The Internet has changed both people’s lives and the products and services of companies. This has become especially visible in the disruption of traditional companies and their position on the market. While young, dynamic start-ups are constantly achieving new records in share prices, the prices of the largest corporates are stagnating or – in the worst case – falling continuously. Mature companies are often unable to catch up with the latest technological possibilities and miss opportunities and chances to satisfy consumer demand for constant innovation. Young, dynamic start-ups are now disrupting established markets with alternative business models, see Tesla, Uber and Airbnb. These companies operate as highly independent and self-organized units that focus on satisfying customer demand and continuously improving their product. To remain competitive, corporations must develop processes and organizational forms that enable them to emulate the flexibility and speed of smaller companies while capitalizing on their enormous investment power, resources and years of experience, as well as consumer trust and market share. It is only a matter of time until governments face the same challenges and threats.
The understanding of digitalization has become a critical success factor for the economy.
The ability to understand the digital society is thus becoming the linchpin for the surviving of modern communities. Governments and corporations must adapt their processes and life cycles to the speed of the digital world.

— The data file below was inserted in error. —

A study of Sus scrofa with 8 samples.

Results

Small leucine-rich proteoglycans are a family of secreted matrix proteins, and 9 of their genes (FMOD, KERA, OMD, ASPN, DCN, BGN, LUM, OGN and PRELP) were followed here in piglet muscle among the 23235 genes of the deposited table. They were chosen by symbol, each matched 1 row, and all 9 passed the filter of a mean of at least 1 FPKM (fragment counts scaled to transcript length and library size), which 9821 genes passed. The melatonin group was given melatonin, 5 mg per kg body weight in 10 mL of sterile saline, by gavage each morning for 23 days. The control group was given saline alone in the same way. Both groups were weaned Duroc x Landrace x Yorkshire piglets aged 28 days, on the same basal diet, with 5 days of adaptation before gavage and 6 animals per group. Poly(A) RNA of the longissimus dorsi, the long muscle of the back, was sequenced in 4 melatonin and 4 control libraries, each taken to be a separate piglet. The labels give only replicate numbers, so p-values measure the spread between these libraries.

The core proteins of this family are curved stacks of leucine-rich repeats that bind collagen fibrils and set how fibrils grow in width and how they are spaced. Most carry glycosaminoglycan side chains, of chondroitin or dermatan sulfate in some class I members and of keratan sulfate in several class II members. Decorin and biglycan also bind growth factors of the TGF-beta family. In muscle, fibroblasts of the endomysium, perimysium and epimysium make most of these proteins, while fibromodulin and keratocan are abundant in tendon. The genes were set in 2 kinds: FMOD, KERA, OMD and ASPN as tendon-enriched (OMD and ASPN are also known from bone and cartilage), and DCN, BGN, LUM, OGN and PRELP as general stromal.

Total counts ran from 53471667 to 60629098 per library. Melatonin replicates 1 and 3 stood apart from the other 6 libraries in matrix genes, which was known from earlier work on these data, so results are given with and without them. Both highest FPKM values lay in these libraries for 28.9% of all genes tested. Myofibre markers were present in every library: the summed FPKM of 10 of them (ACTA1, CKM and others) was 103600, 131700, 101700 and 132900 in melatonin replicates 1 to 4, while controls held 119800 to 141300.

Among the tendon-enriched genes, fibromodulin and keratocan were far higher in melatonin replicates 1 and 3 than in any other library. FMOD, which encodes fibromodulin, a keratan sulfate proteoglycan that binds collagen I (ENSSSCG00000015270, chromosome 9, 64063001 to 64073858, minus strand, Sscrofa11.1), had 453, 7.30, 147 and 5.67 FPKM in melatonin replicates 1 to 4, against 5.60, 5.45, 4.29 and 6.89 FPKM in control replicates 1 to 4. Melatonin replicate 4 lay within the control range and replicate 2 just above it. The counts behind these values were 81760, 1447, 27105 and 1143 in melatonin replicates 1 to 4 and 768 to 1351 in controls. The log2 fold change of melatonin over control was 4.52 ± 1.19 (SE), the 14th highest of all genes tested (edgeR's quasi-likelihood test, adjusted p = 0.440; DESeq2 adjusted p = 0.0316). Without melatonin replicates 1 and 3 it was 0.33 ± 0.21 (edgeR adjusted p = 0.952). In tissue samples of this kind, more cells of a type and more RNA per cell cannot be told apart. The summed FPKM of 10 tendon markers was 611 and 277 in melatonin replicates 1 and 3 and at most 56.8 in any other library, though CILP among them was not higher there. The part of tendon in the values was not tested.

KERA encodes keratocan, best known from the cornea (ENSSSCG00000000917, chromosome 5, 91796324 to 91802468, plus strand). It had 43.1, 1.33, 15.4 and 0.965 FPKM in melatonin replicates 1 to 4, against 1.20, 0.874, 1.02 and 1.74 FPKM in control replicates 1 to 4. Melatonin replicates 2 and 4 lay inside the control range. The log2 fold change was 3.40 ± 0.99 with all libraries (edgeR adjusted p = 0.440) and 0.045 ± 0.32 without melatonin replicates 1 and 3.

Looking at the economic development of recent decades, four real revolutions can be identified. And right now, in the age of digitalization, we are feeling the signs of the next significant period in humanity. The problem, however, is that the organizational and management theory of the past decades still addresses the problems that companies had to contend with in the industrialization and mass production of that time. Scientific Management according to Taylor optimizes organizational structures for the ruling industrial age.
Our goal is to describe an organizational form that is optimally tailored to the dynamic world of the 21st century.
One that enables systems to react flexibly and quickly to constantly changing economic conditions – holistically including people, planet and profit, which leads to an anticipatory, proactively changing policy and thus represents an enormous competitive advantage and overcomes the shortcomings of the old doctrine.
We want to focus on service delivery in form of product management and system design and thereby equip society with the tools and patterns needed to operate in the digital age. This includes decision making, social considerations, service design and much more.